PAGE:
Of Immigrants, Entrepreneurs and the Road to Serfdom – Part III
In part two, I spoke of the need to amend our approach to immigration. As France begins to self-destruct under the medieval tax policies of President Francois Hollande, Canada’s predominantly French speaking province of Quebec has an initiative in play to attract disgruntled French entrepreneurs. In his article on The Rude Baguette entitled: “The Pigeon Movement – A Rallying Cry For French Startups”; Liam Boogar, wrote about the current problem in the French startup ecosystem. In stark contrast, current United States immigration policy has little to offer these entrepreneurial refugees with the unfortunate result that most will end up in Quebec, to the benefit of Canada’s economy … not ours.
The Quebec entrepreneur program is particularly attractive to French entrepreneurs and businesses given the absence of any significant language barrier. Add to that, the favorable contrast Canada’s generally “business friendly” government provides, in comparison to the direction the French government is moving, and you have a formula for success.
The U.S. Has to Do Better in Competing for Immigrant Entrepreneurs
With no significant French speaking population, we are at an obvious disadvantage to our northern neighbor in competing for the exodus of French entrepreneurs. However, our disadvantages extend well beyond language. We must come to grips with the fact that our inability to compete effectively for immigrant entrepreneurs is rooted in the failure of our immigration policies to meet the changing economic and technical needs of our country.
Other countries, such as Canada and Australia to name only two, have pro growth immigration policies designed to meet their human capital and economic needs. A research paper entitled: Immigration Policy and Entrepreneurship published by the Department of Economics at Macquerie University in New South Wales, Australia concluded:
That Australian immigration policy has helped engender business-generating environment should not result in complacency on the government’s part. Any economy including Australia’s depends on a continual development of businesses and the current worldwide economic slowdown has made the entrepreneurial acumen a much sought after quality. The policymakers therefore need to consider the policies that help remove any barriers that could delay or stop immigrants to start a business.”
A Political Issue or a Survival Issue
Events in France are shockingly similar to events playing out in our own country with respect to the debate over tax increases on the wealthiest Americans. I have chosen against turning this article into a partisan political statement on tax policies, fiscal cliffs or spending policies. However, I respectfully submit that a combination of tax reform, disciplined spending and immigration reform viewed through a prism focused on fueling the economic engine is not a partisan political view but a survivalist view. Partisan politics and sound policies to promote economic growth have diverged to such a degree that we may never see them converge again and neither party is blameless. Perhaps Mayor Bloomberg said it best: (start video at 26:44)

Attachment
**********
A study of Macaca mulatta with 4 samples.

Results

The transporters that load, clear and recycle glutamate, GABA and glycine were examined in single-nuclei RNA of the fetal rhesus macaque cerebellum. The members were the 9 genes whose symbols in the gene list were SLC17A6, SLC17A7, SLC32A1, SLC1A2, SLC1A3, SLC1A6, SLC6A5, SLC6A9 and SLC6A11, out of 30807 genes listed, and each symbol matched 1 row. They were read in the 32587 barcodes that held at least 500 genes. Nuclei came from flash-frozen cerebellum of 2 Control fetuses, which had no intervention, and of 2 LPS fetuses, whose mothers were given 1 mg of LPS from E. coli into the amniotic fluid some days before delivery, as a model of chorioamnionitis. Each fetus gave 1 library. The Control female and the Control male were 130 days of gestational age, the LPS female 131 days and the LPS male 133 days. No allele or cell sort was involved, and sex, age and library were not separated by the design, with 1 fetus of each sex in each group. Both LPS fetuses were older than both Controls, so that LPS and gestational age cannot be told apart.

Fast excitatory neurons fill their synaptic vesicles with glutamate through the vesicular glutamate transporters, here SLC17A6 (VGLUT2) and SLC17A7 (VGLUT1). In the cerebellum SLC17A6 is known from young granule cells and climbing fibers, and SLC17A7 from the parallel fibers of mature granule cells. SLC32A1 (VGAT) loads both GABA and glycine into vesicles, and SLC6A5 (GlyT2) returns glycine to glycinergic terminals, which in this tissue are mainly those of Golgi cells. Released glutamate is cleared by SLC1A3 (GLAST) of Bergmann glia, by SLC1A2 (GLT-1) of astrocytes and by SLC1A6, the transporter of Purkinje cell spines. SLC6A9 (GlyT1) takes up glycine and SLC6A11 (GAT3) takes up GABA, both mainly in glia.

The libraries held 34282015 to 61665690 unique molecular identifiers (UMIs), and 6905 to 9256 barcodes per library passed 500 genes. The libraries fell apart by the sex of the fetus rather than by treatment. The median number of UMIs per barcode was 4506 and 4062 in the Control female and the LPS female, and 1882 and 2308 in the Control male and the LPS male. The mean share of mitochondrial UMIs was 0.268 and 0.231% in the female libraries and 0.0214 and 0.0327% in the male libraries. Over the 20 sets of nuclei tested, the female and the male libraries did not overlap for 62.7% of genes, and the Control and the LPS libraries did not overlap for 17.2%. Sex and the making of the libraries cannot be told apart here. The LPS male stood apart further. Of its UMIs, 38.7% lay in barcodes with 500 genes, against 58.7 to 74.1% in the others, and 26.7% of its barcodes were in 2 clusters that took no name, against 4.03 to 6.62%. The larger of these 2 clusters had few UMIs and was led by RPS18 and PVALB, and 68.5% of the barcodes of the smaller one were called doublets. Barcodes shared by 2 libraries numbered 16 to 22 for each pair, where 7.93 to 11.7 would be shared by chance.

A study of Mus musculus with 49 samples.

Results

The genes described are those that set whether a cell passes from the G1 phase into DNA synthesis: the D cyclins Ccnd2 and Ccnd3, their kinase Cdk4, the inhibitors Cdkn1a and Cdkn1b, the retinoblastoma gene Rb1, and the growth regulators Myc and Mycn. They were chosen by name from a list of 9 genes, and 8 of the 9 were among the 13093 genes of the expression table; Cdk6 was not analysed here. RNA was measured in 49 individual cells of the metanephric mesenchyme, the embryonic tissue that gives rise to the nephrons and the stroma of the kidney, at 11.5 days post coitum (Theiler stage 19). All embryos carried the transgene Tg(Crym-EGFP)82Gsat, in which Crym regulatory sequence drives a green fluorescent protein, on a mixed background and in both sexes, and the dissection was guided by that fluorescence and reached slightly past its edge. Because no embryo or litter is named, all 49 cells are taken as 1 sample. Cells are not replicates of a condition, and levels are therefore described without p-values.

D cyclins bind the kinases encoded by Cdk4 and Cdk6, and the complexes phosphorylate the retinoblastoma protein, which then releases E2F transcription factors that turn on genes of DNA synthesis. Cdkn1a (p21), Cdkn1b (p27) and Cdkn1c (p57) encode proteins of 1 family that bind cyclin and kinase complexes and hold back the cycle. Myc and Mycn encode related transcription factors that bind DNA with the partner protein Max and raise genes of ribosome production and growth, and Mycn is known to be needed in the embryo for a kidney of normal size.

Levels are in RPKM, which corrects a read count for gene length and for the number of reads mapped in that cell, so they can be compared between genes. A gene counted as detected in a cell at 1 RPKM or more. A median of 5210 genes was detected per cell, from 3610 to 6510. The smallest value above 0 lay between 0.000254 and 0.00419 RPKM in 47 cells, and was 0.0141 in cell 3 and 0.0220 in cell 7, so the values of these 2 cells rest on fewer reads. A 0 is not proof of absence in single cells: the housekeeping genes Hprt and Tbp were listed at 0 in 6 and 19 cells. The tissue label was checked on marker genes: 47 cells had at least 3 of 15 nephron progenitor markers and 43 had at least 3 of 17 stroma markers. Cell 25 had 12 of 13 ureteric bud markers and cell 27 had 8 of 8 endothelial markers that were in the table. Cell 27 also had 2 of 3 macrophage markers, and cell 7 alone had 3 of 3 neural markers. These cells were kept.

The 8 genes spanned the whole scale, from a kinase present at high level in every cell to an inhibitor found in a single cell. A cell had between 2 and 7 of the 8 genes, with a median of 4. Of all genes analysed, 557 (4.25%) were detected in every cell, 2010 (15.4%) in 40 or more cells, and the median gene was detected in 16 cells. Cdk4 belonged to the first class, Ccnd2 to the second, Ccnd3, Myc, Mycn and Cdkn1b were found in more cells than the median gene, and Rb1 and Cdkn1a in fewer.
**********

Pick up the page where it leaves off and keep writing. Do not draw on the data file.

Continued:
My objective in this series is to promote the means to generate sorely needed economic growth. The immigration issue is about the country’s economic survival. That said, let’s examine the StartUp Visa.
The StartUp Visa Defined
In February of 2010, the Startup Visa Act had its debut in the Senate, but died in the Judiciary Committee having never been brought to a vote. The StartUp Visa Act of 2011 was introduced in the Senate some fourteen months later. Also introduced in the House of Representatives as H.R. 1114 in March of 2011, the bill was referred to the House Judiciary Committee. The Judiciary Committee referred the bill to the Subcommittee on Immigration Policy and Enforcement where it has languished since June 1, 2011.
The thrust of this legislation is, in the words of Carolyn B. Maloney (D-NY):
extending the pool of eligible immigrants to include holders of H-1B visas and entrepreneurs living outside the United States with a market presence in the country.”
Delving into the language of the bill, it is immediately apparent that the proposed legislation created no new spots for immigrants. Instead, the bill maintained the current level of visas and drew from the pool of unused EB-5 visas. In case you are not familiar with the EB-5, it was designed to allow individuals with $1 million to invest ($500,000 if invested in a “Targeted Employment Area”) access to a green card. The investment must create or preserve at least ten jobs for U.S. Citizens, not including the investor’s immediate family. It should come as no surprise that less than half of the available EB-5 visas were utilized. These “unutilized” visas were to be made available to the StartUp Visa Act of 2011. It is probably no surprise that the StartUp Visa Act of 2011 went nowhere. Enter H.R. 5893, hereinafter referred to as the StartUp 2.0 Act.
In part four, we will go into an in-depth analysis of StartUp 2.0, offering observations on its real-world potential for attracting immigrant entrepreneurs. I will introduce you to some real-world situations and share the thoughts of supporters and detractors alike.